We all know that coffee is good for your health. But who knew that drinking coffee can help your gallbladder? If people knew this earlier they wouldn’t have had a surgery to take gallstones out, don’t you think? Many researches backs coffee with tons of health benefits but read this amazing info about how coffee does wonders to you tiny but significant body organ.

Coffee may help prevent this health problem

In a new study, researchers found drinking more coffee may help reduce the risk of developing gallstones.

The research was conducted by a team from Copenhagen University and other institutes.

Gallstones are solid particles that form from bile cholesterol and bilirubin in the gallbladder.

The gallbladder is a small pear-shaped saclike organ in the upper right part of the abdomen. It is located under the liver, just below the front rib cage on the right side.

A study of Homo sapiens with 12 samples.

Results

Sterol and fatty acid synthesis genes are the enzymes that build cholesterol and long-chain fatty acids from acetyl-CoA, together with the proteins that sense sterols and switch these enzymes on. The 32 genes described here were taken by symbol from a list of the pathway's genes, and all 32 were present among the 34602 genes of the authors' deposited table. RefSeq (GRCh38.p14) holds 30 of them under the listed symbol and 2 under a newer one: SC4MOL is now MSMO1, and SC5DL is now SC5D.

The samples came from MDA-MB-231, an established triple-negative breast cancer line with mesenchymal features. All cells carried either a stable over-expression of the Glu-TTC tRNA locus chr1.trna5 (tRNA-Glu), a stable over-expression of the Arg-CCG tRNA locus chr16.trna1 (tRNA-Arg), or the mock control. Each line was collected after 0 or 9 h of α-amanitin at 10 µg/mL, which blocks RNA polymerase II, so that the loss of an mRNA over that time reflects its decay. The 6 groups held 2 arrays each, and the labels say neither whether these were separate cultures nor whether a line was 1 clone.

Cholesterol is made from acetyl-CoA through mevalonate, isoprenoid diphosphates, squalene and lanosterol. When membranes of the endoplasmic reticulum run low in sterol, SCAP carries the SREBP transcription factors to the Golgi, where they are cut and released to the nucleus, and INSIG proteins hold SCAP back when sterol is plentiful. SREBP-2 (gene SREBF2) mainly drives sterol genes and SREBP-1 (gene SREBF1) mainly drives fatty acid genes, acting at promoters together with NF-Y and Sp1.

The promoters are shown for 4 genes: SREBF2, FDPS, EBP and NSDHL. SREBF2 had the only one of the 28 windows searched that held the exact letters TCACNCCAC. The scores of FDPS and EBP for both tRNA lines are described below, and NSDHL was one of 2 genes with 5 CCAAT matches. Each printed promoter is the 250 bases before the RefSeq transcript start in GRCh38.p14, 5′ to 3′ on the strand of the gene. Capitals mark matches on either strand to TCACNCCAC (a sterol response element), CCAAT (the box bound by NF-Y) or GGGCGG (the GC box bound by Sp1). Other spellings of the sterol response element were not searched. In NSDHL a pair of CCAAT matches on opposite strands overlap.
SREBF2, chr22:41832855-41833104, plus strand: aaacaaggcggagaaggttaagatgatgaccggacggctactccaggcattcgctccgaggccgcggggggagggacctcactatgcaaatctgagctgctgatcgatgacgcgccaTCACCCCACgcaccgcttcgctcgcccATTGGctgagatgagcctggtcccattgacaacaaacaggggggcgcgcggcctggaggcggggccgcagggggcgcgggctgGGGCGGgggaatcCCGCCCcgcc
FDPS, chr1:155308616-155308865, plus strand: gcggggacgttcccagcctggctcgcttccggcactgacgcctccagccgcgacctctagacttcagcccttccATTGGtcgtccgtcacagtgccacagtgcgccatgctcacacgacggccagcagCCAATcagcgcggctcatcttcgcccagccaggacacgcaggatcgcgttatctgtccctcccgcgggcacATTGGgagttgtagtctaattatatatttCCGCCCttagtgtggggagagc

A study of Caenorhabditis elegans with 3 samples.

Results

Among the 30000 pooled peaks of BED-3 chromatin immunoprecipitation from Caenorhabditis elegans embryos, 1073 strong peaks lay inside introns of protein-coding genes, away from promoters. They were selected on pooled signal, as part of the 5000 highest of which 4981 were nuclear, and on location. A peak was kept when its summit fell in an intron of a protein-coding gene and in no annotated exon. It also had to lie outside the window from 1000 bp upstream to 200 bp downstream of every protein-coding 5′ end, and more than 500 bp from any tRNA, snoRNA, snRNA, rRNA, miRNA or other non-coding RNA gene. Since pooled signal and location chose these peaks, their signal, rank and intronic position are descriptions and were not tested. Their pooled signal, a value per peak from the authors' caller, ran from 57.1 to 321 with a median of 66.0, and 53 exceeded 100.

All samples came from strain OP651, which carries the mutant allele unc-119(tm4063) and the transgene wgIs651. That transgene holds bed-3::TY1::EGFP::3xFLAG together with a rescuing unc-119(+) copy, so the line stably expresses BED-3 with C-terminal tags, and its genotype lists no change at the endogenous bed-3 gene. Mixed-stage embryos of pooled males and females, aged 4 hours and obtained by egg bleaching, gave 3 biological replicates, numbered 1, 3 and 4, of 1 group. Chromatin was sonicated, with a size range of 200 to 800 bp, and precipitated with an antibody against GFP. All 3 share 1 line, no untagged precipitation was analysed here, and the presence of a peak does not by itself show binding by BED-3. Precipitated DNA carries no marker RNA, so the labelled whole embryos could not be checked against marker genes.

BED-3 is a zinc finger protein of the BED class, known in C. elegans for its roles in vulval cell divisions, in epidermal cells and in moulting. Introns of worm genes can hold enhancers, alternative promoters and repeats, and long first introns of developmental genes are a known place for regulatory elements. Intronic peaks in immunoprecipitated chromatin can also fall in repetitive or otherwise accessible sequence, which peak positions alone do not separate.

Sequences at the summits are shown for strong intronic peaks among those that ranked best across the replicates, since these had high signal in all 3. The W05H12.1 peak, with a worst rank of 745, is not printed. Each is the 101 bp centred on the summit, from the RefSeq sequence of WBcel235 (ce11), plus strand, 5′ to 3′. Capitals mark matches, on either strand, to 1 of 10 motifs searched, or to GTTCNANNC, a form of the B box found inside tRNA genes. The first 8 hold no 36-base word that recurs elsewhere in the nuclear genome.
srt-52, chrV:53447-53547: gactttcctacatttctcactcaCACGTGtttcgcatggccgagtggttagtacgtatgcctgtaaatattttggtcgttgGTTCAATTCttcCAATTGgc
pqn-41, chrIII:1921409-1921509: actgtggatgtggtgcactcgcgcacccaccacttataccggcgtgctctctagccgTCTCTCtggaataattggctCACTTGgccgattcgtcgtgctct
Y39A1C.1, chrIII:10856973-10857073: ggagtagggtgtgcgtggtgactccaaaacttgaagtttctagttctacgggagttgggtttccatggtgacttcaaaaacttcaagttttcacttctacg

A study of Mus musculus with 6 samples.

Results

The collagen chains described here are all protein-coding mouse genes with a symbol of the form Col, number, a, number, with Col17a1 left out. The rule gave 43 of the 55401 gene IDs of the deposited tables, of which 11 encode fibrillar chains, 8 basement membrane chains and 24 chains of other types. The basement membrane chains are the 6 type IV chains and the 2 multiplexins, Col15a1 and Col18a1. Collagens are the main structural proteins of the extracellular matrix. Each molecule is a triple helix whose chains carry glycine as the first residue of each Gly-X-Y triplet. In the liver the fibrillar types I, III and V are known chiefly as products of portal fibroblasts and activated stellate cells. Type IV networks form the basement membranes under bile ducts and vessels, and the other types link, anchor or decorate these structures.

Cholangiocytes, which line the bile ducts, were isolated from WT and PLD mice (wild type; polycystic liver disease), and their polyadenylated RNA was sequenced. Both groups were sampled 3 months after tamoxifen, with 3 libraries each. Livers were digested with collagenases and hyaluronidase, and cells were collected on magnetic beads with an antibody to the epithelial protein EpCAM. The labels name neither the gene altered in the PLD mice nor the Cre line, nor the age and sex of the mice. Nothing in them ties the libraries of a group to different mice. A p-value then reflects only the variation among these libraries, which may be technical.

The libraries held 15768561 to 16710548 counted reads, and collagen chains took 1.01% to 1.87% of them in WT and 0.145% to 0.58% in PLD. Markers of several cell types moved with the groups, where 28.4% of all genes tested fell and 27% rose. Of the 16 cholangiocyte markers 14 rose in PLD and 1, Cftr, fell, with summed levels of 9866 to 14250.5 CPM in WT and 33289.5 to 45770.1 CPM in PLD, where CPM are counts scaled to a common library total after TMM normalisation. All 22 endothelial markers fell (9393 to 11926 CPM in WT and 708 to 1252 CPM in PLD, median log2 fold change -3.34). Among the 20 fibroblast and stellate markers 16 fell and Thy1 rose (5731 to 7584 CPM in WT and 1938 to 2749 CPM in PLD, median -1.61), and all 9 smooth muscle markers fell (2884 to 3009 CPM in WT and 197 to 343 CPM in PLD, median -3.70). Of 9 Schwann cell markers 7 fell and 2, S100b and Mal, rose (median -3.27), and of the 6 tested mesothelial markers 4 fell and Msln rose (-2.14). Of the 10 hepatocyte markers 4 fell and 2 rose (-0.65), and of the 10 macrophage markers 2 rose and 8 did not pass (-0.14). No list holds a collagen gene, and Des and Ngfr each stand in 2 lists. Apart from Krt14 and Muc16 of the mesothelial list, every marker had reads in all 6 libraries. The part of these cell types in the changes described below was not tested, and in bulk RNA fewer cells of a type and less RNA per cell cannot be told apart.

Gallstones can be any size, from tiny as a grain of sand to large as a golf ball.

Gallstones within the gallbladder often cause no problems. If there are many or they are large, they may cause pain when the gallbladder responds to a fatty meal.

They also may cause problems if they block bile from leaving the gallbladder or move out of the gallbladder and block the bile duct.

In the study, the team examined 104,493 individuals.

They found those who drank more than six cups of coffee per day had a 23% lower risk of developing symptomatic gallstones compared with people who did not drink coffee.

Drinking one extra cup of coffee per day was associated with a 3% lower risk.

Also, individuals with certain genetic variants that have been linked to increased coffee consumption had a lower risk of gallstones.

Also, individuals with certain genetic variants that have been linked to increased coffee consumption had a lower risk of gallstones.

Although the study only uncovered correlations, the authors highlighted several mechanisms by which coffee consumption might help prevent gallstones from forming.

The lead author of the study is A. T. Nordestgaard from Copenhagen University Hospital

The study is published in the Journal of Internal Medicine.